Plimoth Patuxet Museums Begins Construction on Indigenous Program Support Building

Filed Under: Non Profit News

Construction has begun on a new program support building for the Historic Patuxet Homesite, Plimoth Patuxet Museums announced.

The behind-the-scenes building will provide expanded operational capacity for public history educators and culture-keepers. Construction is expected to be completed by early 2024.

“We’re excited to be moving forward with this project,” said Ellie Donovan, Plimoth Patuxet Museums Executive Director. “This new program support building will help create an even more engaging experience for the many audiences we serve. We are thankful to the Indigenous staff whose input and guidance are essential, and to the generous donors who support the museum’s Indigenous exhibits and programs.”

The groundbreaking for the project comes in the 50th anniversary year of the Wampanoag Indigenous Program,  a legacy of introducing Indigenous history and culture to visitors from around the U.S. and the world. Fundraising was recently completed for this new building. ConServ of Plymouth was selected as general contractor, along with design partner Amory Architects of Duxbury. Architectural plans, building design and the construction process have taken into consideration the archaeology of the site and the surrounding landscape. The new building is located at the museum’s main campus, adjacent to the Historic Patuxet Homesite in Plymouth.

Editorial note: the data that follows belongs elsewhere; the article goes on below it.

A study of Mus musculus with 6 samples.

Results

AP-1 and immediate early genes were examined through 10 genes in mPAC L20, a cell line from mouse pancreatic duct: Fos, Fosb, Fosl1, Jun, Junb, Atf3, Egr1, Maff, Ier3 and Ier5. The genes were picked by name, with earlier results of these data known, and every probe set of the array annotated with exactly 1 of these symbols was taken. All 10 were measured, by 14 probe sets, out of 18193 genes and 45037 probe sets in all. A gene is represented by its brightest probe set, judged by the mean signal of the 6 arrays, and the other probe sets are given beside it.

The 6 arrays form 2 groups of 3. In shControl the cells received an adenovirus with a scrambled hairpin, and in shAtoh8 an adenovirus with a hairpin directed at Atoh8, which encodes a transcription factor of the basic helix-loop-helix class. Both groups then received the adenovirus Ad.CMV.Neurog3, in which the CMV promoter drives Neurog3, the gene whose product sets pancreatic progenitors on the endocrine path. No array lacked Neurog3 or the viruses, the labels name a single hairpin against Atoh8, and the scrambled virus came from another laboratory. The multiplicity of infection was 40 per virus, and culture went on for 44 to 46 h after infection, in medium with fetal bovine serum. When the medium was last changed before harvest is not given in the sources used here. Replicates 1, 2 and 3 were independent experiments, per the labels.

The Indigenous program support building is part of a larger project referred to as “A Bridge to the Future.” Fundraising is underway for a new exhibition building featuring an amphitheater that will take visitors from the traditional environment of the Historic Patuxet Homesite to the present-day.

Brad Lopes (Aquinnah Wampanoag), Plimoth Patuxet Museums’ Director of Wampanoag and Indigenous Interpretation and Training, expressed the importance and vision of the new buildings in enhancing the museum’s aim to expand its educational mission and deliver an exceptional visitor experience.

“I’m delighted we’re making this investment in the future of the museum and its mission, and grateful to the community of supporters who are making this vision a reality,” he said.

The new building will enable museum staff, as well as a variety of guest speakers, performers, scholars, storytellers and artisans, to tell the history of profound change and cultural persistence over the past 400-plus years in this ancient Indigenous homeland of the Northeast woodlands and coast.